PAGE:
It's been several days since people started talking (again) about the idea that Apple (NASDAQ:AAPL) might bring video to the iPod, but the Internet buzz continues. I'm usually inclined to ignore such rumors until they become actual fact, but since Apple's a particularly tempting company to speculate about, I feel compelled to add my two cents.

According to the buzzing newswires, Apple has been in talks with major labels such as Sony (NYSE:SNE) and Bertelsmann's Sony BMG, Warner Music (NYSE:WMG), and EMI Group about bringing music videos to iPods. There are also rumors that the company is negotiating with Disney (NYSE:DIS) to provide short cartoons and video clips from its TV networks. We already knew that a recent version of Apple's iTunes music player added the capability to play short videos through the company's QuickTime technology, which could be a nice value-add for avid music downloaders.

However, as much as the iPod is the killer portable music device du jour, I just can't see customers getting excited about watching video on its tiny screen. Music players like the iPod are most often used by people who are doing other things -- jogging, working, driving, and so forth. (It's the same argument I had when Microsoft's (NASDAQ:MSFT) Portable Media Center launched last year.) Steve Jobs himself has been previously quoted as saying that the iPod isn't really the appropriate venue for video. Of course, that doesn't mean he wouldn't take the plunge given the right set of circumstances -- like clear demand for such a device.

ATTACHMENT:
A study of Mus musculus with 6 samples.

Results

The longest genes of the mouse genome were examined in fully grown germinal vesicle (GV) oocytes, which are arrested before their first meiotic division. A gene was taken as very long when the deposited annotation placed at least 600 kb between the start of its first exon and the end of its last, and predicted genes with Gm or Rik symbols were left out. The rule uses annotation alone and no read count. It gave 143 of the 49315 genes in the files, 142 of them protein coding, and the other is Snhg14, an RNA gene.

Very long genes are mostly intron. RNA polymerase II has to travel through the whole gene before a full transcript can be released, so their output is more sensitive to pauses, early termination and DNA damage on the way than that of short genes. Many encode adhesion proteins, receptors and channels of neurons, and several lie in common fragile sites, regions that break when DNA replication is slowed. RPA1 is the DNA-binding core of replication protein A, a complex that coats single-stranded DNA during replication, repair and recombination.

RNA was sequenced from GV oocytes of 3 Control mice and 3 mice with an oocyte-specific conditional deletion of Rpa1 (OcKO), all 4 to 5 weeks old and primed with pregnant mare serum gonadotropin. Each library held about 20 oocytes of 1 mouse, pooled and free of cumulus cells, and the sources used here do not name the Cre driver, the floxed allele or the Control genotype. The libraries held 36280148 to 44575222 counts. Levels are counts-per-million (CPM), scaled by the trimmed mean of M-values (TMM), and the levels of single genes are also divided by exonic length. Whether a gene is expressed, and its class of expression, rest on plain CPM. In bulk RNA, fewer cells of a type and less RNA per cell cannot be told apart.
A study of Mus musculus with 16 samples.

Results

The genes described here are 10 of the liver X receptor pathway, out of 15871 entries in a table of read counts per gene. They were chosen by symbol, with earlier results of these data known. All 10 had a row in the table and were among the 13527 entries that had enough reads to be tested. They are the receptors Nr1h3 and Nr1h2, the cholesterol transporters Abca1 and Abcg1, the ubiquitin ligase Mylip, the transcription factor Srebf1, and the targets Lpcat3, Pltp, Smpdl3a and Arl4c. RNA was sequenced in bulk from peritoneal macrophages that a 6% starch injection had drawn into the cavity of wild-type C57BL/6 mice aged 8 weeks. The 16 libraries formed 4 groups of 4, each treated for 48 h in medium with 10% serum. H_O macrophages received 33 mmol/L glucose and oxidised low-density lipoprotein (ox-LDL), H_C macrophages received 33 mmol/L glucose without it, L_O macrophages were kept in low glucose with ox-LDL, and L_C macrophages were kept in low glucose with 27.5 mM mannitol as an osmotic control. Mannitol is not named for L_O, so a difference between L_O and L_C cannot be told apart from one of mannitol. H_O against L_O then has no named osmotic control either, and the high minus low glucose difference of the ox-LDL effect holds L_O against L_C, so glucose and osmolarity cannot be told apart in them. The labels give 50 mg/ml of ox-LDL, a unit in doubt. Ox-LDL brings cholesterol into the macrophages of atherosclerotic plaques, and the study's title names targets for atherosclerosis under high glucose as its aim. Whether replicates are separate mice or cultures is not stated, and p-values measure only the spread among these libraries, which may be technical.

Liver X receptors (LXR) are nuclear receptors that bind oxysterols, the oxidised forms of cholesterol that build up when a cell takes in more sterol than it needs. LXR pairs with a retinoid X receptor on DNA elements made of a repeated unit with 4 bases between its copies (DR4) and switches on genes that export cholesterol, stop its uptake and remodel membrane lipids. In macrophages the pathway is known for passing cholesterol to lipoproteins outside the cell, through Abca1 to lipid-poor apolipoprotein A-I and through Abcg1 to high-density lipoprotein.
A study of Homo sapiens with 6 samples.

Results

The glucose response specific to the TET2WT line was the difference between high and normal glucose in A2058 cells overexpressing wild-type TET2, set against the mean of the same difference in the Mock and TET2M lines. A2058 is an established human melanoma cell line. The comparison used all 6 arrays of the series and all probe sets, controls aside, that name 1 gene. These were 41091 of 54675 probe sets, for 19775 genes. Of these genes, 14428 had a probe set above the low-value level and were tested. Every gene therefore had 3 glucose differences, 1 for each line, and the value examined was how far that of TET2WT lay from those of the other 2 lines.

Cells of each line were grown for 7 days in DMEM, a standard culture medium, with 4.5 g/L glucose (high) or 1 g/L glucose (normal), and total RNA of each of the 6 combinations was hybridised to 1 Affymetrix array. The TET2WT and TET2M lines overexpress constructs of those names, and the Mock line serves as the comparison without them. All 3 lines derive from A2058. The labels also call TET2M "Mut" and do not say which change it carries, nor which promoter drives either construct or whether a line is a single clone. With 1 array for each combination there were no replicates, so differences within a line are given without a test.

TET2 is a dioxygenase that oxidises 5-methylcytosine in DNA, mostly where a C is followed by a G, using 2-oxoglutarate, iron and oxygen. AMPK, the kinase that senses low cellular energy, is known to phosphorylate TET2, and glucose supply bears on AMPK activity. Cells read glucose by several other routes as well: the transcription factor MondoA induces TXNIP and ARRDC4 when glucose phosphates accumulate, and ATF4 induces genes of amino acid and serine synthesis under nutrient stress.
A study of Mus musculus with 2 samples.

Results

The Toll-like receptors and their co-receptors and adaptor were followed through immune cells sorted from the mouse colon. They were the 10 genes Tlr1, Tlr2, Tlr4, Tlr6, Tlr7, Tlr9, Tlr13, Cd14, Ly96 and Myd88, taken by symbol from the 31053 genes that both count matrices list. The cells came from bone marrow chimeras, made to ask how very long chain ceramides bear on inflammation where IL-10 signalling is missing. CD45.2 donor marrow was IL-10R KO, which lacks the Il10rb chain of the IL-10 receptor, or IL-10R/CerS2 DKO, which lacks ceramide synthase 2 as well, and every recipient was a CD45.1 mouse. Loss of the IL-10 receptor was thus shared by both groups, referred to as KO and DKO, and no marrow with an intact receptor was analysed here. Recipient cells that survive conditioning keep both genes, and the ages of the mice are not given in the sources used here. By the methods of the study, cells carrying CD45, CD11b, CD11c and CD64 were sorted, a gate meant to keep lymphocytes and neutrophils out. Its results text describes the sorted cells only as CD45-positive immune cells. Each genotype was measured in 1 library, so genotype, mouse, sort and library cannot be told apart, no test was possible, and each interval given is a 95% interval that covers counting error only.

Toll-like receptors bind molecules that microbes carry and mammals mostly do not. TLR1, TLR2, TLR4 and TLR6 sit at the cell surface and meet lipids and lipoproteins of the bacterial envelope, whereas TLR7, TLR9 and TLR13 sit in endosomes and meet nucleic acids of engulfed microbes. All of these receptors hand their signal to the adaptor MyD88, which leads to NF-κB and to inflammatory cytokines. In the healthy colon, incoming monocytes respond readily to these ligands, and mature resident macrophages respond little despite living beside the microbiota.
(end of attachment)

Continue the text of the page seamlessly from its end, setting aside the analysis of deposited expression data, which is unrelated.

That demand has yet to materialize, though downloadable video content for mobile devices has been getting lots of press attention. Mobile phone providers seem eager to integrate both MP3 players and video capabilities into their phones. However, market research indicates that consumers are tepid toward the idea of downloading video content to their cell phones. In-Stat recently said that only one in eight respondents to a survey it performed expressed interest in video on their phones. Is it too much of a stretch to apply those numbers to a video iPod?

We could all theorize about Apple's next iPod move until we're blue in the face. That's one of the most entertaining things about Apple -- it's the epitome of a story stock, the kind of company people like to closely follow through every new endeavor, rumored or otherwise. In my opinion, video iPods might be "nice to have," but not necessarily "need to have." Even if Apple unveils such a device, I have to question whether it will positively affect the iPod's runaway popularity -- or translate into more sales.